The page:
The architectural landscape in Raleigh may lean to the traditional, but the modern architecture presence is a burgeoning market with distinguished roots. So when an insurance executive was looking to find a modern, minimalist, and sustainable house to call his own, he knew just who to call.
The homeowner first met John Reese, architect and founder of REESE ATELIER IGNITE, when he was looking into buying a raw unit in downtown Raleigh’s Hudson condominiums. Reese, who was working at Clearscapes, PA at the time, was the lead architect behind the Hudson. Candidly, he explained to the potential buyer that the cost of doing an interior upfit to any unit could be well over the price of building a new home from the ground up.
As fate would have it, the homeowner noticed a rundown rental property off Banbury Road. Upon showing it to Reese, the architect says he convinced him it was the perfect spot for the modern, minimalist-style home he envisioned. “While I’m normally not a fan of tearing down houses, I felt a new home would be much more sustainable in the long run,” Reese says.
“This home is minimalist, and when something is minimalist it has to be crafted to be mistake-free,” Reese says. “One of the more important things about this house is that the details are celebrated. Because there is no trim to cover up a lack of craft, the joints of the home are also part of the details.”
Will Alphin of Rebuild, formerly with Alphin Design Build, was in charge of the construction. “I knew I needed a very highquality contractor to complete the construction of this highly complex design,” Reese says.
The private residence stands out in this suburban neighborhood full of traditional, mid-century dwellings that are nestled amid old growth pine and undulating earth. Completed in 2007, the home took a year to build and includes 2,508 square feet of heated space in addition to 1,825 square feet of open-air outdoor space.
The modern entryway welcomes a clear transition from exterior to interior spaces, which include a den-living-kitchen area, two master suites, and a home office. These are integrated with an open-air exterior complete with a private court, lap pool, and carport.“The design is rigorous, yet kinetic in its spatial sequence, contrasting relationships and careful use of controlled daylight,” Reese says.
The lot sits across the street from a portion of the heavily protected Greenway Park, and the backyard is full of native trees. But perhaps most importantly, the contour of the land provided the perfect opportunity to create various levels throughout the house by following the natural slope of the land. “This house is a complete response to its context,” Reese says. “It grabs hold of the land.”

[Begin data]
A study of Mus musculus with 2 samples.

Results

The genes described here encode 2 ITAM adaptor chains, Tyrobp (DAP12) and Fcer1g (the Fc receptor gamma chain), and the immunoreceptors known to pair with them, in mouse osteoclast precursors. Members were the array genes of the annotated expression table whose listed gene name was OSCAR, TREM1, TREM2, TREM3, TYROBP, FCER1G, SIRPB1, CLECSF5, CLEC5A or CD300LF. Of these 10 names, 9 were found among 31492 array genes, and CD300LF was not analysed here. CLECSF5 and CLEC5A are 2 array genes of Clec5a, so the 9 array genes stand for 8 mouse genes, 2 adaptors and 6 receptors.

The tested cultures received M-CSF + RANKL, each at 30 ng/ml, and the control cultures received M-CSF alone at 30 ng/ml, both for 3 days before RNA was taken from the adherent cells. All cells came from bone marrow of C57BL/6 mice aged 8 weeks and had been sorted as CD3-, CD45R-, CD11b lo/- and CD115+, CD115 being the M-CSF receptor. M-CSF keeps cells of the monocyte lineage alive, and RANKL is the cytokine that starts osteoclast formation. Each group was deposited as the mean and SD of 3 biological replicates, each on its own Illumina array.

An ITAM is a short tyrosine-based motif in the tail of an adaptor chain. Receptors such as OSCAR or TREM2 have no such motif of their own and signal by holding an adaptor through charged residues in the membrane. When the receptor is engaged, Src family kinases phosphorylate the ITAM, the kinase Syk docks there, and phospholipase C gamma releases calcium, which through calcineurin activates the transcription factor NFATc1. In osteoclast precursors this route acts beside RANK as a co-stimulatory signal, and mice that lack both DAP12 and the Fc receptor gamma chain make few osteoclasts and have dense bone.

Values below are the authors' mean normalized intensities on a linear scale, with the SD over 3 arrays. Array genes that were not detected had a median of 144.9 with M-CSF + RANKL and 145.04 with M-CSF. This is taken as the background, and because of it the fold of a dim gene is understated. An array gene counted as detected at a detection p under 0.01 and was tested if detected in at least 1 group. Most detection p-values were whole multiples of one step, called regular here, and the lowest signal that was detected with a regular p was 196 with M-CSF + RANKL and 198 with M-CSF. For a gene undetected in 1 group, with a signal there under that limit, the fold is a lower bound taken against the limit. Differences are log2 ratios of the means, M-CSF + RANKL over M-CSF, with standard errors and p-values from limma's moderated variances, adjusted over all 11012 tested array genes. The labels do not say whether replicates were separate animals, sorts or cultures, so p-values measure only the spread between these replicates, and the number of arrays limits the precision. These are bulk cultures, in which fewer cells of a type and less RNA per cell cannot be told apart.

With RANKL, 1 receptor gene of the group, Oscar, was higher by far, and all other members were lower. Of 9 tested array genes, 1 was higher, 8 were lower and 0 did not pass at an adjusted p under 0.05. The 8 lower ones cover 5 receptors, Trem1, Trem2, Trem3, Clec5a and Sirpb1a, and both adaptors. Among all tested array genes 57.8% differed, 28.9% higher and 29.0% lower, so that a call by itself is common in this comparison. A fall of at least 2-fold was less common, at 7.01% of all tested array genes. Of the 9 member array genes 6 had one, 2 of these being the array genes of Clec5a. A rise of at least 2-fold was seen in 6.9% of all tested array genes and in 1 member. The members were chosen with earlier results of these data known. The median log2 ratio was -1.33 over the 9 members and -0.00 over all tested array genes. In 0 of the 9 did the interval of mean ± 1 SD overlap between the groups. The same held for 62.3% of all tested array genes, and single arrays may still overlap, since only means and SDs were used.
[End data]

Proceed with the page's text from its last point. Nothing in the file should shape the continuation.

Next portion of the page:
Certain features and elements make the house truly unique. For example, instead of using two-byfours, the home was built using structural insulated panels, which Reese described as “the ice cream sandwich” of insulation. He says construction was quite the spectacle with the panels arriving on huge trucks before being hoisted by cranes. Other materials include cast-in-place concrete, handtroweled and color-integrated Charleston-Green stucco, commercial storefront glazing, and polycarbonate roof panels. The floors are heated through a geothermal well system; rainwater is collected through an underground cistern; even the chrysanthemums have a dedicated misting system.
Reese says he is guided by the late American architect Louis Kahn’s design philosophy. “You emphasize the big picture, you prioritize the details, and you let the middle work itself out.” Kahn’s style was monumental and monolithic, and he was famous for his meticulously built works and heavy buildings that didn’t conceal their weight, materials, or how they were assembled.
Reese was recognized for his astonishing work on this incredible house when, in 2012, he was awarded the inaugural George Matsumoto Prize. The award is North Carolina’s highest honor for modernist residential architecture and features $3,500 in awards, a blue-ribbon jury of internationally-known architects, critics, and designers, and online public voting. North Carolina Modernist Houses (NCMH) created the prize in honor of Matsumoto, one of the founding faculty members of North Carolina State University’s College of Design, where Reese serves as an adjunct professor of architecture and visiting critic. The accolade showcases exceptional modernist architects.
Reese says that at the end of the day his ultimate goal is to implement resilient design concepts while building and maintaining long-term relationships with clients, colleagues, and communities. “I run a small operation that mainly focuses on residential design. But to be honest, I choose work based on the client rather than the project itself. For me, the personal connection is the most important aspect of anything I take on.”